Last month at Comic-Con International in San Diego, Randal Jarrell from Oni Press and I hosted a panel called “How Not to Break into Comics.” We talked about the common and often unintentionally hilarious mistakes people make in their efforts to get their comics published. This is one of them.
I didn’t mention the overly-taped-and-bubble-wrapped glitter-filled submission specifically at the panel, but it fits into the category of one of the common problems we see: style over substance. Elaborate packaging, “cute” details like glitter confetti, “bonus” material like T-shirts and stickers — these are not what editors care about. This extends into the work itself — flashy coloring won’t cover up basic drawing problems or poor writing and a slick cover letter and pitch (which often are not a slick as you think they are) won’t make up for a lackluster project.
Simplicity in approach and an ability to follow directions will get you farther than gimmicks when it comes to breaking into comics. Here’s a little step-by-step for the submitting life:
1. Research comics companies. Know what they’re publishing, their submission guidelines, and who their editors are. Read their comics. Look for interviews with their editors and current artists.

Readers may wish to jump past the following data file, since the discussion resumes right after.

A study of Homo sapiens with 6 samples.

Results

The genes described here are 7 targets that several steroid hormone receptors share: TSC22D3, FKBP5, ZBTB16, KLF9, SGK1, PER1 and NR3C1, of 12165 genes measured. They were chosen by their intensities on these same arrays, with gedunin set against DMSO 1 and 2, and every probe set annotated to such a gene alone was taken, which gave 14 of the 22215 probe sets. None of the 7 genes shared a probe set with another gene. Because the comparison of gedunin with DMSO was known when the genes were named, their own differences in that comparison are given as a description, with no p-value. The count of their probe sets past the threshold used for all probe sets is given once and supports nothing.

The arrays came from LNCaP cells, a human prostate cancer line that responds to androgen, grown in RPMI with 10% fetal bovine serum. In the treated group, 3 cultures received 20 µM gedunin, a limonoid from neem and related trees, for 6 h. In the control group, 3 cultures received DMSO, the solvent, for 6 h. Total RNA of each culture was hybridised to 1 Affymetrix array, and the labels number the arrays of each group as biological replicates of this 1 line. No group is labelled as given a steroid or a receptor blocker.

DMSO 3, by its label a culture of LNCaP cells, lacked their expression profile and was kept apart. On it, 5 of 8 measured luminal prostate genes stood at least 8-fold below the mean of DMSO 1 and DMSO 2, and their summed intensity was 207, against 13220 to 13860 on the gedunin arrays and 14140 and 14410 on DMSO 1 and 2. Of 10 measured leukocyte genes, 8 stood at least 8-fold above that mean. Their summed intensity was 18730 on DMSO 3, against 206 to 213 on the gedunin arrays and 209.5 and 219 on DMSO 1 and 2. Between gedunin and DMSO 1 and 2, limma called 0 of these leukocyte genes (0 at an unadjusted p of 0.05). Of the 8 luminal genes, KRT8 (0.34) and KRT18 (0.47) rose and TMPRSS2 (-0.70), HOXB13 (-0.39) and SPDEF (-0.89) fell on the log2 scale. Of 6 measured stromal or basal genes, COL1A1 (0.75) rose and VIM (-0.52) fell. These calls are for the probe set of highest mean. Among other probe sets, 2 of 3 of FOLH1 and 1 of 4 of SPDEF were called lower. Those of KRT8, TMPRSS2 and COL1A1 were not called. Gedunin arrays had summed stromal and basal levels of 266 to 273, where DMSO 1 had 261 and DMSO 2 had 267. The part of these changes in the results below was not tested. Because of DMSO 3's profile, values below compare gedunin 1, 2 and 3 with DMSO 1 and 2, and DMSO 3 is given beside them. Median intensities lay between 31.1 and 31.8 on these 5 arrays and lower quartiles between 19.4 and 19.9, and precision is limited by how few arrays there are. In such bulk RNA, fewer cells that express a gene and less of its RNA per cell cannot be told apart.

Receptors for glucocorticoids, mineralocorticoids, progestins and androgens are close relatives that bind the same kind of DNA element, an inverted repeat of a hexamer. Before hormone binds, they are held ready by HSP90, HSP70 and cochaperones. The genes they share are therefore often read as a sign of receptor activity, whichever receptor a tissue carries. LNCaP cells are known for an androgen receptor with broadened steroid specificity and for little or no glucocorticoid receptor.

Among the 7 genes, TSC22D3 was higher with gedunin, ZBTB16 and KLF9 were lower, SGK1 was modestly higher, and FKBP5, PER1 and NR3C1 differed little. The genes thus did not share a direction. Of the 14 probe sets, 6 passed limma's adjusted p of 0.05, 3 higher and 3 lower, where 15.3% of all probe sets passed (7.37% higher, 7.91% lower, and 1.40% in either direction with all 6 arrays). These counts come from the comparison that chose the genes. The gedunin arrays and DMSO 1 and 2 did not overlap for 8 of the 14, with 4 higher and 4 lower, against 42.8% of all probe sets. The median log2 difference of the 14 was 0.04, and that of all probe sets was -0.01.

2. Honestly assess your work. Your submission lives or dies by, more than anything else, what the editor thinks about your art and writing. How does your work compare to other comics being published by the companies you plan on submitting to? Hone your skills until you feel your work is ready. Don’t fall into beating yourself up, but don’t be cocky, either.
3. Write a cover letter and put together a package that is customized for each publisher. We can tell if you’re sending the same submission package to every publisher you submit to, especially if you accidentally don’t change the company name in the letter. (I get cover letters that are addressed to Image Comics and Dark Horse Comics pretty regularly.) Publishers all have different requirements and different priorities. You can find the former in submission guidelines and learn enough about a company for the latter through that research you did.
4. If you’re rejected, don’t immediately become defensive or self-pitying. Neither will get you any closer to getting published. And they’re not attractive personality traits. If you received feedback with the rejection, think about what it says, and use it or don’t use it as you see fit.
And for goodness’ sake; your submission isn’t the Holy Grail. A sealed envelope will keep it plenty safe enough.